In Reply to:  Re: Azimuths of the Parthenon posted by Per Corell on December 15, 2002 at 10:36:27:

Again I find amusing you use an intersection of a classical statue container with your "sheets on pins" basic material to argue against romans. Romans inherited many things of greek culture, and you inherit your "sheets on pins" from previously available concepts. In short, Per ... I see your promotion od CAD tools and honeycomb structures valid. In the CAD aspect except for the older architects most likely you won't be taken as herald, for all know about the beautiful and astounding help that CAD is doing for them, and they expect to ger even more (time passing). Even your direct use for design and concept is used by many, some software developers having been acutely aware of the advantages of, say, the convenience of implementations that contemplate the buildability of things, say, mechanical services unto the building.

On the other hand these CAD tools are not at all producing always the general positive effects in architecture and construction that you look to surmise. Mean is not the message, or there wouldn't be two different words. Lots of these early CAD based works are likely to fall from the start (if they reach the built status) as patently kitsch.

Respect honeycomb structures I showed you my support for this as one possibility more nad interesting for some circumnstances. The fact of the majority of architects not using then extensively show inmaturity in the technology for the particular application of making buildings, and at most considering it as me only an alternative between others.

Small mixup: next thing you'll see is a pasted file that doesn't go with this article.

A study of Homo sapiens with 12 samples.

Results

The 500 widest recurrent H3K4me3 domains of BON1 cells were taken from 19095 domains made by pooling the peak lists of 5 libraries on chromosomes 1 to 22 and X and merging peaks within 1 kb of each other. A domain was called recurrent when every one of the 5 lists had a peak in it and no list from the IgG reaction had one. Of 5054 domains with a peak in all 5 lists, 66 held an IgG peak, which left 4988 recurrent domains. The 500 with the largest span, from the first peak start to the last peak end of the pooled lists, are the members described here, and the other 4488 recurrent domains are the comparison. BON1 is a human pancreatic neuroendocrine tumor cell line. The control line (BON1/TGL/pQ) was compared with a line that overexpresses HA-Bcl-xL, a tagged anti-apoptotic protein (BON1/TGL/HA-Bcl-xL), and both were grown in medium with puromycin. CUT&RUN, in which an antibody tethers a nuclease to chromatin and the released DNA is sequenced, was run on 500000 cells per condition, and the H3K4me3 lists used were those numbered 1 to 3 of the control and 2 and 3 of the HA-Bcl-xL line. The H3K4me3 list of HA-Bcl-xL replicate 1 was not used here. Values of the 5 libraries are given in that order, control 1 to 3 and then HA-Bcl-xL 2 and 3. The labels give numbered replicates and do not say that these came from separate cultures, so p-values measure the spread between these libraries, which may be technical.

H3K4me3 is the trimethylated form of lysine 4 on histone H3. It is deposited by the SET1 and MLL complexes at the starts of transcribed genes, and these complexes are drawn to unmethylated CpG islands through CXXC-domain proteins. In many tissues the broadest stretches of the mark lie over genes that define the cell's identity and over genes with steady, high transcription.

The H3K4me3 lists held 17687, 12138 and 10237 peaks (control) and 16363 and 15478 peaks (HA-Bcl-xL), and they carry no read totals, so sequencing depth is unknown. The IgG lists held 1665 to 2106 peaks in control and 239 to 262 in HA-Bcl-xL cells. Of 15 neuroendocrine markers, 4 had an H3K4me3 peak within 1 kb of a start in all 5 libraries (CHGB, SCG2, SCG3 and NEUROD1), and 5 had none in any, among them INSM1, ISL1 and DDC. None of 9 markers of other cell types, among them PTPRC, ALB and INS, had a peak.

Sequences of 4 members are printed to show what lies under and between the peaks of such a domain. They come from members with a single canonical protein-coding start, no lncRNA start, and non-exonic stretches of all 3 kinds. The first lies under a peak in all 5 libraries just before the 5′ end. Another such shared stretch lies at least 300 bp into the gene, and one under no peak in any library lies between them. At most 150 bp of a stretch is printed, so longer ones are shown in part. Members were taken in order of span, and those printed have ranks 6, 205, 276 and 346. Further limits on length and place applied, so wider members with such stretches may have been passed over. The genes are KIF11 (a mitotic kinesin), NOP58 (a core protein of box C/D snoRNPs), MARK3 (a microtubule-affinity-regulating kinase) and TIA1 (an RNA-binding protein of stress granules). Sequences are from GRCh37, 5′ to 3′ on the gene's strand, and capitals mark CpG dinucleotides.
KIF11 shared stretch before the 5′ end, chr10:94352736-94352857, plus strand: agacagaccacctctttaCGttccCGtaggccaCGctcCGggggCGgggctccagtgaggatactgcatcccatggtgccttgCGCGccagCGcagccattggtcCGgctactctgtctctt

As an example, projected concrete is close to heets of your honeycombed structures if only in adaptability to some surface. Even this already old technology is used sparsely and most likely when it is the logical choice, sometimes the best, and sometimes the sole one under some terms. Have you ever read of the law of The Good Shape? Amorphous shapes are not those preferred by homo sapiens. He discerns in himself symmetry and organization, observes it as well in intelligent nature, and maybe extrapolates it be a valuable featrue for his designs. Hence it is unlikely the more amorphous things gain the appreciation of the majority of humans ... this may be adversarial to the triumph of your seemingly preferred way of attacking construction.

You can as well see "romans" (western designers? --- methinks no, eastern also do these things) using sponge or honeycombed structures in aircraft destined to the more various purposes. So they are not themselves foes to your ways, only more willing to consider the other standing alternatives.